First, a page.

December is almost upon us and in the lead-up to December festivities there is often a degree of stress experienced when planning and organising the food, scheduling family and friend gatherings, and choosing gifts.

Research with young children consistently informs us that rather than the latest gadget or toy, most children want more quality time with loved ones, particularly their parents and family. Certainly, gifts and goodies will be given however consider yourselves your child’s most valued gift.

By making time to be fully available for your child and engaging with them in their play interests is a fantastic way to create wonderful connected moments that become your child’s treasured memories.


  • an entry pass or membership to a fun attraction like a national park, swimming pool, theme park, skating rink, botanic gardens, zoo or a reptile park
  • a storybook that features the child, and possibly their pets, friends, family members, favourite characters or activities
  • a children’s cookbook with recipes for the child to pick that you can make together
  • simple musical instruments. Drums, bells, triangles, xylophones and glockenspiels are all good options to provide hours of fun without being expensive or needing to be charged
  • materials for being creative. Things like playdough, crayons, chalk, packets of (recycled) paper or card, parent-approved pencils or textas can be great-value gifts
  • items for the dress-up box. Colourful silks, hats, capes, aprons and so on are versatile and provide an endless variety of role-play options
  • imaginative play props—maybe felt puppets or a tea set. These are even better if you are willing to join in!


  1. Visit the Brisbane Christmas lights.
  2. Make a Christmas playlist
  3. Place a Gift under the Kmart wishing tree- then place the card you get on your own Christmas tree at home.
  4. Track Santa all through December and on Christmas Eve using the NORAD app 
  5. Make cookies for Santa and put out reindeer food on the letterbox… (oats with glitter in it is a fun idea (edible environmentally friendly glitter please)
  6. Watch Polar Express on Christmas Eve
  7. Attempt to make a gingerbread house every year
  8. Play festive-themed Christmas Games with Kids
  9. If you have friends with lots of kids, start a tradition of gifting their family a new Christmas decoration every year.
  10. Drink cold iced chocolates while opening presents. If you are lucky enough to be having a White Christmas (aka not in Australia) then substitute with hot chocolate.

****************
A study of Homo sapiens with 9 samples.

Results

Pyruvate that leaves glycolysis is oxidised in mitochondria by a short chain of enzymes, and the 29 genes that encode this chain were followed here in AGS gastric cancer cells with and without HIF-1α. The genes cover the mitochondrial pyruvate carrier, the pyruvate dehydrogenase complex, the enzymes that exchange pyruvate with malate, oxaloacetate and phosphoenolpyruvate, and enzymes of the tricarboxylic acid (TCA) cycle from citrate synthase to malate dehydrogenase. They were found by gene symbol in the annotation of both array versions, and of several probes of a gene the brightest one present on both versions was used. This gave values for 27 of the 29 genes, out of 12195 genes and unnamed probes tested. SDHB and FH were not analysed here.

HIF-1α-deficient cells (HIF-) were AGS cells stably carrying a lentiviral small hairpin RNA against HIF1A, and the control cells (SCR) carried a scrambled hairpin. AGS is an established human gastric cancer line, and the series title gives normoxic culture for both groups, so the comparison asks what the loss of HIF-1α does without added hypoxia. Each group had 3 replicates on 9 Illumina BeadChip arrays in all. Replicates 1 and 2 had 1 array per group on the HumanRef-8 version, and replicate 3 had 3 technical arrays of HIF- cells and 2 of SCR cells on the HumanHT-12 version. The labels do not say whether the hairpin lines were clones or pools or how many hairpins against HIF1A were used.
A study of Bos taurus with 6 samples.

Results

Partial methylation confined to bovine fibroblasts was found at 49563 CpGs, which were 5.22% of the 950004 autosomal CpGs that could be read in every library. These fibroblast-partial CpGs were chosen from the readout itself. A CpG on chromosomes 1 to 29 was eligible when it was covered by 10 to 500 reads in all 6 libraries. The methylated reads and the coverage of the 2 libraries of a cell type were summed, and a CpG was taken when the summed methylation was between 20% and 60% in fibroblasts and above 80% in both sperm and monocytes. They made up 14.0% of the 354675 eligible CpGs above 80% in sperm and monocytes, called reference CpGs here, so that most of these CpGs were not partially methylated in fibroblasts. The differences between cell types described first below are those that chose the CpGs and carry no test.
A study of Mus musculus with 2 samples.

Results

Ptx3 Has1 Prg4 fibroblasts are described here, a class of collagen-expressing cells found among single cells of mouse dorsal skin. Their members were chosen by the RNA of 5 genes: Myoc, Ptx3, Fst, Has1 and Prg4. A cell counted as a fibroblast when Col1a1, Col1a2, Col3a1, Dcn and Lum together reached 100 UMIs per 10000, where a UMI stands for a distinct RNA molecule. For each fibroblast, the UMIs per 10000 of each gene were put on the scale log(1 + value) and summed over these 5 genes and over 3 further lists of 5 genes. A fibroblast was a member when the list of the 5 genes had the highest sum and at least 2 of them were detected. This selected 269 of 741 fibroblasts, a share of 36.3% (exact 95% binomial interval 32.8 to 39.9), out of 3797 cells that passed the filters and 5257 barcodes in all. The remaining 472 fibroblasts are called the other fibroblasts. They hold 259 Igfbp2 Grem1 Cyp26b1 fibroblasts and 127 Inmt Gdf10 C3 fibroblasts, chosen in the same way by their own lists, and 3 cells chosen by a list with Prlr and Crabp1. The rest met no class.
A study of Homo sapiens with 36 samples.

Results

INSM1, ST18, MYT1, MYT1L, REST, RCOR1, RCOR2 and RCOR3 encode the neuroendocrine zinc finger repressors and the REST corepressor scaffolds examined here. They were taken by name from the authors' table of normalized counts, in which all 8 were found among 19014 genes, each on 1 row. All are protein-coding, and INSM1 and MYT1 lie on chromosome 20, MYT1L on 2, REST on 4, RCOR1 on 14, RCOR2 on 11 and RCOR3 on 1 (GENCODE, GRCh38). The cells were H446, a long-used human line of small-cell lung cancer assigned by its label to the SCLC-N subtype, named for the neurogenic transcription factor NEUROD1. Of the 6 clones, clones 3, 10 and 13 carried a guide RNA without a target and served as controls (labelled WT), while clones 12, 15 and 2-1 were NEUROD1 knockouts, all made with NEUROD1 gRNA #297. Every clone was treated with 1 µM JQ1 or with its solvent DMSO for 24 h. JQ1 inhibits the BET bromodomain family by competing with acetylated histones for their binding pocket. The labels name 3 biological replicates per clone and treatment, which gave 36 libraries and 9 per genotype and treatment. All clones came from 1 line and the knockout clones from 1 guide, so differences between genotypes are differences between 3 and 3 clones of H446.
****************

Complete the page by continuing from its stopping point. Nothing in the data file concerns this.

11. New PJs, clean bedding and a bubble bath for everyone on Christmas eve
  12. On Christmas Eve, give the family a fun new board game
  13. Decorate the tree together, and choose a live tree just once
  14. Light a candle on Christmas Day for anyone no longer with us
  15. Read Christmas-themed storybooks and poems on the nights leading up to Christmas
  16. Take the dogs to the beach on Xmas day
  17. Create a fun water slip’n’slide on a hot summer day
  18. Make your own bonbons.
  19. Let the youngest put the star on top of the Christmas Tree
  20. Challenge the kids to do a random act of kindness at some point in the month of December leading up until Christmas
  21. Bake something from the past like Nanna’s pavlova or Trifle
  22. Help out a charity by donating some money or your time for their cause, Christmas can be a hard time of year for many
  23. Open one present on Christmas eve
  24. Head to a local community carols event
  25. Bring out the elf and the shelf (or substitute) and have fun moving the elf to different spots every night
  26. Play your favourite carols or songs in the lead-up to the holidays. Babies love the sound of your voice singing to them and as they grow, they can start to join in. There are lots of collections on YouTube
  27. Plan some time to visit houses, shops or local government with Christmas displays
  28. have a photo taken with Santa—most shopping centres offer this but also some community and volunteer groups
  29. Go swimming in the afternoon
  30. Watch holiday-themed movies suitable for the whole family, see the Raising Children website for choices –
What do our children ‘really’ want for Christmas - blog quote 3

Website links to some additional Christmas fuss-free, activities and edibles –

From our Mother Duck family to yours this festive season, remember to please be kind to yourself and others, slow down, and enjoy and connect with your little ones. Create some wonderful memories and plan some traditions and rituals fit for your family. Give yourself time to think and plan how you want to spend the holidays. Childhood does not last forever but the memories will live on in hearts always.